88 Points | “Recommended”
And now for something completely different…but first, a little reminder: white wines are customarily made by pressing juice from the skins following crush, and then fermenting that juice into wine without skin contact. Skins, therefore, play little or no role in a white wine’s color, aromatics, or flavors, and tannins in the skins do not leach into the wine. Red wines, by contrast, are fermented directly on the skins for an extended period to extract color, tannin, flavor, and texture. Only after or near the end of primary fermentation is red wine separated from the skins.
So here is the something completely different: a “whole grape ferment” wine made from a white grape variety — in the present case, Riesling — that was fermented on the skins in the method of making a red wine. The result is what is called an “orange wine” (some prefer to call this style “skin-fermented”), as the juice has acquired darker pigmentation along with tannin, texture, and flavor from the skins during fermentation.
While this approach may be unusual in modern winemaking, the method actually harkens back to ancient winemaking practices in the nation of Georgia in the Caucasus region of Eurasia (generally considered to be the cradle of winemaking). Over time, the method made its way to eastern and southern Europe, and today orange wines are most commonly found in Slovenia and Italy where they are made from an array of white grape varieties.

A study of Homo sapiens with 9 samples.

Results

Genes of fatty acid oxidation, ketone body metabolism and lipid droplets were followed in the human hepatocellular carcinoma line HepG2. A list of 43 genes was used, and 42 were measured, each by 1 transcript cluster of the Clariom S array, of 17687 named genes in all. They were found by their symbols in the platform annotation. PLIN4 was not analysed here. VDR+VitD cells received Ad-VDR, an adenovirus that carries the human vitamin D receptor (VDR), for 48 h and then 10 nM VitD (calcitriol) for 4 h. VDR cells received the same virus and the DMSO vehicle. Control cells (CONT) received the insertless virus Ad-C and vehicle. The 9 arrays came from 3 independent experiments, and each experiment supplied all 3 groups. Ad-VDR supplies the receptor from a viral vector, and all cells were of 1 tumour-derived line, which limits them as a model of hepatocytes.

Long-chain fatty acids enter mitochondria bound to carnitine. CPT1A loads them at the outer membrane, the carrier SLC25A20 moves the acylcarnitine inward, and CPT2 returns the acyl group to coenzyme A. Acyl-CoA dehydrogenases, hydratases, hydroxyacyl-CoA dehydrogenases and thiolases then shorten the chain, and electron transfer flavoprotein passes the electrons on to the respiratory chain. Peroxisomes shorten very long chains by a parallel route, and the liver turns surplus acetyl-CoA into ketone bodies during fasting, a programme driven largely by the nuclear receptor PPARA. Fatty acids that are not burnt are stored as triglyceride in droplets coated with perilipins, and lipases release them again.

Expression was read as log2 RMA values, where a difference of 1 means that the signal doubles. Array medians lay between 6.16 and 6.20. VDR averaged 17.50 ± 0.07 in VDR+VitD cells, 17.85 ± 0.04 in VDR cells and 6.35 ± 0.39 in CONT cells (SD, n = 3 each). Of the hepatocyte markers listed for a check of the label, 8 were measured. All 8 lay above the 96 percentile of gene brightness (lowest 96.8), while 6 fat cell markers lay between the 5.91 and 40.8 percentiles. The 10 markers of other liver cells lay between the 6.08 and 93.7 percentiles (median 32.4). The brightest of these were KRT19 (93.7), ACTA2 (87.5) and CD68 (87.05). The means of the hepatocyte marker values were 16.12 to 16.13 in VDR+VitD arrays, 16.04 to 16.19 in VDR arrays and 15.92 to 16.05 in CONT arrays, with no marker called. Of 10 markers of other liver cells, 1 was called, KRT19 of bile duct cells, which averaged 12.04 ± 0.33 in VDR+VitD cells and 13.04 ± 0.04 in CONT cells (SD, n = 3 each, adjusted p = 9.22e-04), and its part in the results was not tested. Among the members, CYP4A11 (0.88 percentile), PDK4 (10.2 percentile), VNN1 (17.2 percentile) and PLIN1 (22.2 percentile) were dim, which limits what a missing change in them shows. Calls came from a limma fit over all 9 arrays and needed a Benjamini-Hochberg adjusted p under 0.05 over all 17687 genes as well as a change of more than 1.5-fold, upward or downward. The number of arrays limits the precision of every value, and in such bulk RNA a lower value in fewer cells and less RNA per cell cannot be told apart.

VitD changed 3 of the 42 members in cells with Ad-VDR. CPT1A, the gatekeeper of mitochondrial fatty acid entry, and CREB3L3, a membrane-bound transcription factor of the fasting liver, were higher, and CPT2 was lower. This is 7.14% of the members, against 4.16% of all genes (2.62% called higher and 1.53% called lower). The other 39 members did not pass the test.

Troon’s rendition has a warm glow to it — more the color of a super-ripe peach than orange — and delivers an intriguing, though elusive, aroma and flavor profile wholly unlike Riesling made in the customary fashion. On the nose are impressions of melon, banana peel, and tarragon; and on the palate, notions of orange peel, raw almond, and rosemary — all framed by undertones of pear, spearmint, and saline minerality over a lean, savory finish.
The wine is bone dry, medium-bodied, and fresh on the palate, with moderate acidity and no discernable oak. After 10-day fermentation, it was pressed into mature/neutral French oak barrels where it sat for only three months before being bottled.
In terms of style and character, there is really nothing to compare this wine to (except, perhaps, another orange wine), but it should appeal to fans of the lean, dry white wines from wine regions along the eastern Mediterranean.
The folks at Troon Vineyard continue to impress us with their embrace of natural, creative, and age-old (though today unconventional) winemaking techniques. They employ only native yeasts in ferments, use no additives — such as acids, sugar, and enzymes — in their wines, and use only mature oak barrels for aging (no new oak). Here is hoping they continue to think outside of the wine box.
12% ABV | Bottled 03/09/2017 | $20
Food Pairing: Well-suited for springtime and summer sipping with mild or funky cheeses, oily fish (salmon, trout, tuna), and Mediterranean fare — especially assorted tapas.
Availability: For information on how you may obtain Troon’s 2016 Whole Grape Ferment Riesling, visit the winery virtually at www.troonvineyard.com.
For our previous reviews of other Troon wines, go to our main page and search “Troon.”